John Pearson - Thursday, May 21, 2015

Recently I had a customer contact me with a part that he wished to undercut. He needed to use a spherical cutter, which eliminated the Groove Milling operation, since it only uses T-cutters. Not being an advanced user he was unsure how to proceed. With his company’s permission I’ve decided to utilize this opportunity and create a blog article on how to use the Contour Surface Area operation to do undercutting.

Below is the image of the part along with the faces (highlighted in orange) that need to be machined.




Before creating the operation I need to generate some geometry to use as Drive and Projection geometry. First I create a small cylinder, protruded through the center of the part (shown below in magenta). This cylinder will be used for my drive geometry. In other words, I will initially create my tool paths on the cylinder and then project them onto the surface of the part.



I place this cylinder on an unused layer so I can easily hide and show it as needed. Next I create a line along the axis of the cylinder (shown below in yellow).



I place this line on an unused layer so I can easily hide and show it as needed. I will use this line to help project the paths from the drive geometry onto the surface of the part.


I then create my parent groups. For the Geometry group, the customer had created a WORKPIECE1 that contained the part and was a child to the MCS shown below. He’d also created the spherical mill for the Tool group, also shown below.




Along with the predefined PROGRAM and MILL_FINISH method I now have enough information to begin the operation.


I select the Contour Surface Area operation and assign the parent groups as shown below.



Once in the operation, my first step is to specify the cut area.



I click on the Specify Cut Area icon and select the faces that I wish to machine, as shown below.



Next I need to define the Drive Geometry. I select the Edit icon (small wrench) in the Drive Method section.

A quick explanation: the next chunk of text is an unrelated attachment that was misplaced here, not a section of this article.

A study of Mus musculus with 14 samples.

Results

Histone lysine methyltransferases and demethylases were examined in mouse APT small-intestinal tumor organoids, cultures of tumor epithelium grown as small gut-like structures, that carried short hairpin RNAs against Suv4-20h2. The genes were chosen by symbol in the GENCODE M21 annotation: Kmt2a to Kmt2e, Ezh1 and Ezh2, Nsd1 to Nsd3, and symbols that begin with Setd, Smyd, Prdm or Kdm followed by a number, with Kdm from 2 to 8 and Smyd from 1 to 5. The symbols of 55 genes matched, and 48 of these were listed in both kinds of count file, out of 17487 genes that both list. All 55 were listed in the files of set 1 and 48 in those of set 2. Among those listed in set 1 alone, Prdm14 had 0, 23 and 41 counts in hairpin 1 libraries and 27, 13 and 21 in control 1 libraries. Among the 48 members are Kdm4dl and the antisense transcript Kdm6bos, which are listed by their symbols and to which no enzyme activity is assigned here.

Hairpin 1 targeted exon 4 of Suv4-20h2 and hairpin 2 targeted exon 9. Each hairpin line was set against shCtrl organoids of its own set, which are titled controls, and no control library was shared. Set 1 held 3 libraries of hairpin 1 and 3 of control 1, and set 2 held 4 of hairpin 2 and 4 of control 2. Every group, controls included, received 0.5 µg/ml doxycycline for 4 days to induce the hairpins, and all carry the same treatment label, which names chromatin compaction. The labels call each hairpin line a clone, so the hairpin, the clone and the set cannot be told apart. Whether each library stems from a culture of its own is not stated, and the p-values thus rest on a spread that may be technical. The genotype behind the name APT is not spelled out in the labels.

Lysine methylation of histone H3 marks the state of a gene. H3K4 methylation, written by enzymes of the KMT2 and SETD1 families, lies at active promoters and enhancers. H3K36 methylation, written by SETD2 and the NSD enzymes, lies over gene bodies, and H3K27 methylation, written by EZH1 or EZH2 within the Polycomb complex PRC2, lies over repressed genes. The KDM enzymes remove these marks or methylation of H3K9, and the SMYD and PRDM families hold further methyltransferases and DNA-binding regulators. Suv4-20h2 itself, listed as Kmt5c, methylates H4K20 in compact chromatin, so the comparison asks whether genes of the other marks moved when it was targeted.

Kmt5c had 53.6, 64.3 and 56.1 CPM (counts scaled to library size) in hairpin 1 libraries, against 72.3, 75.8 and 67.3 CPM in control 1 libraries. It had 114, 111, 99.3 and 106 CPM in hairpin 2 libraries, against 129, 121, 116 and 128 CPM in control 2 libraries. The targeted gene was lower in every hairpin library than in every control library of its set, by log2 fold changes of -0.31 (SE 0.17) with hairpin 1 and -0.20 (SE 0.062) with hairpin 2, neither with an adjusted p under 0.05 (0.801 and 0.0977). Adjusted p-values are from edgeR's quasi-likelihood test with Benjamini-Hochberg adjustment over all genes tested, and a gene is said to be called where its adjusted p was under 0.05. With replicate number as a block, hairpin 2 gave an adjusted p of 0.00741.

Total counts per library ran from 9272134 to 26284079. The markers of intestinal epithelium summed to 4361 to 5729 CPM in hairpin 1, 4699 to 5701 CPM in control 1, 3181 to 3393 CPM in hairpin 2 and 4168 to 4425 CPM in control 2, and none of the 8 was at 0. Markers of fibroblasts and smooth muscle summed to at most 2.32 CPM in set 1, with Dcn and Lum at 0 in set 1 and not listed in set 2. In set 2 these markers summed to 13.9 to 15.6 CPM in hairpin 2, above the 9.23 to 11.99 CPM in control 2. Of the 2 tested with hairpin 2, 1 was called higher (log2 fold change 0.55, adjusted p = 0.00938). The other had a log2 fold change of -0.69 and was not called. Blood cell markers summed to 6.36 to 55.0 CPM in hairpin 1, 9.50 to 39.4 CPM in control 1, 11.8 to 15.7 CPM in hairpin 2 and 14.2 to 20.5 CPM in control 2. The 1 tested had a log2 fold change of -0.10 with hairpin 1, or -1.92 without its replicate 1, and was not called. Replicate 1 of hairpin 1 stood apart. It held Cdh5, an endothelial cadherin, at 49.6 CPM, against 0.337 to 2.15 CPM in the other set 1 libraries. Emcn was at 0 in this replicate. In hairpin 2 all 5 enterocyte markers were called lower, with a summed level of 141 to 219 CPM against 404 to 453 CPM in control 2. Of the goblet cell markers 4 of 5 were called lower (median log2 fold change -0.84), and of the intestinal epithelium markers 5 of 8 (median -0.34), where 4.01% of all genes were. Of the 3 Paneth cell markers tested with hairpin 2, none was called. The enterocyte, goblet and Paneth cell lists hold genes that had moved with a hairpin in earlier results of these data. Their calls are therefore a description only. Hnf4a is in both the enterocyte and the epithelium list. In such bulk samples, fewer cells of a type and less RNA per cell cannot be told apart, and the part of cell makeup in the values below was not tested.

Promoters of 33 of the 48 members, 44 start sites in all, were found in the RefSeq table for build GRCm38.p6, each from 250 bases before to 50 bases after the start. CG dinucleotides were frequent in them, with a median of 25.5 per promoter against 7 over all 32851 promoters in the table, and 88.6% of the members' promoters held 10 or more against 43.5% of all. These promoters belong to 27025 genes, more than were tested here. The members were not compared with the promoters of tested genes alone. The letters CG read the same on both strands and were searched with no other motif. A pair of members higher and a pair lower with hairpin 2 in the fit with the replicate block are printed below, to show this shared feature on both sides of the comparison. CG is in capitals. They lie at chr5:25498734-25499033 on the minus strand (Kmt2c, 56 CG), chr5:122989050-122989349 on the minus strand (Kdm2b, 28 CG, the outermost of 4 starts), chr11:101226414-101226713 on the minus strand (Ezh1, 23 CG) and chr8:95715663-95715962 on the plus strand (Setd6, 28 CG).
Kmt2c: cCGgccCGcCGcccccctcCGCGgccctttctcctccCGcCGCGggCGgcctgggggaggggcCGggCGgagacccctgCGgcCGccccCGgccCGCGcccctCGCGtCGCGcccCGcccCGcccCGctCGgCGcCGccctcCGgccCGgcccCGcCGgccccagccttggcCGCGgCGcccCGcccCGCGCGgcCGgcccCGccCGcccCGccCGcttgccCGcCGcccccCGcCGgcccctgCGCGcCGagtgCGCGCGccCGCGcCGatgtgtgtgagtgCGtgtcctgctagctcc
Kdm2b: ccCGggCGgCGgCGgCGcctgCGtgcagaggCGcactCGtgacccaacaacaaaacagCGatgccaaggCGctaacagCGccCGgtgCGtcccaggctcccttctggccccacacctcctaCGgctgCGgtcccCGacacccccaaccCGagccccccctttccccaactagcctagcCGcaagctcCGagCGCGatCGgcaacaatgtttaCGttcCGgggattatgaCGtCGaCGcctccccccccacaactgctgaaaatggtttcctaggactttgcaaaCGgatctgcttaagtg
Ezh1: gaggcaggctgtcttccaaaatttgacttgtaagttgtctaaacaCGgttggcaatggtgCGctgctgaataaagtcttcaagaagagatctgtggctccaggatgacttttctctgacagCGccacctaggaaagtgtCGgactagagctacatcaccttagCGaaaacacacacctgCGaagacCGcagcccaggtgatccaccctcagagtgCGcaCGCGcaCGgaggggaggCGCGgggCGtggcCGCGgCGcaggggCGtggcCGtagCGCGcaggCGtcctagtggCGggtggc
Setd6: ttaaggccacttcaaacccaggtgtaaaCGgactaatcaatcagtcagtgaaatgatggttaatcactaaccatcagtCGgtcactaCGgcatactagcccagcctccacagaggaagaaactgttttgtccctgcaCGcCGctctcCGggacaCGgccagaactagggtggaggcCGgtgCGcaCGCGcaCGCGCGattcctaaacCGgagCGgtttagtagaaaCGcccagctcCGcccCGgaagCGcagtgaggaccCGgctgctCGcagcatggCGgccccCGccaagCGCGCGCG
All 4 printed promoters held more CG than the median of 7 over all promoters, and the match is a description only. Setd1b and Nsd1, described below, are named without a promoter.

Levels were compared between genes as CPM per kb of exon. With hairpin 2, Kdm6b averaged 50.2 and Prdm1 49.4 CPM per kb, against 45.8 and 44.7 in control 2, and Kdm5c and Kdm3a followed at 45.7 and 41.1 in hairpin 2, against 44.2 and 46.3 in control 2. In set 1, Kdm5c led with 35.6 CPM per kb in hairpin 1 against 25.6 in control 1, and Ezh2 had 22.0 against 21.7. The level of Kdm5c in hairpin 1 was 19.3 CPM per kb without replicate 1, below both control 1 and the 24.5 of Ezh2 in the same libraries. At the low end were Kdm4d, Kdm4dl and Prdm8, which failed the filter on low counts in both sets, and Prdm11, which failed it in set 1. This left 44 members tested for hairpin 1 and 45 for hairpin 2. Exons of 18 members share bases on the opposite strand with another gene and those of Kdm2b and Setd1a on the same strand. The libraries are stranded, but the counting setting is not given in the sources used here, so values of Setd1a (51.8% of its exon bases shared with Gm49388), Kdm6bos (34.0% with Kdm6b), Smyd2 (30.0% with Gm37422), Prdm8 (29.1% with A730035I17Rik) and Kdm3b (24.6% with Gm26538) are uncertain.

I then select the Specify Drive Geometry icon.



I turn on the layer that contains the previously created cylinder. Select the cylinder as shown below. Remember the surface will be used to create my initial tool paths.



I click OK to return to the Dive Method dialog. I then expand this dialog and set the drive settings and tolerances as required by the customer.



I can verify the results, of my drive geometry settings, by clicking the Display icon under the Preview heading. Notice the orange surface mesh representing my drive geometry.



Once I have my drive geometry created, I return to the main operation dialog to select my projection vector. To do this I first turn off the cylinder layer and turn on the line layer previously created. I then set the Projection Vector to Away from Line, as shown below.



I’m prompted to specify the Line/Vector, so I select the line that I had previously created. By doing this I’m telling the system to project the tool paths on the cylinder away from the axis towards the surface of the part.



Next I ensure that my Tool Axis is set to +ZM Axis.



I then modify the Engage motion, to use the center point of the opening, as shown below. This ensures that any engage motion will start in the center of the part.



I then set my Retract motion to match the Engage motion.



Finally I set my feeds and speeds to the required values, and then generate the operation. Notice the resulting undercut.




The Contour Surface Area operation allowed me to define how I was going to machine the cut area, by defining a cylindrical drive surface and projecting it away from an axial line, onto the cut area.


If you would like to learn more about this operation and other advanced operations, you should attend one of our advanced NX CAM courses. To arrange for advanced training please contact your Account Manager, or contact us at [email protected].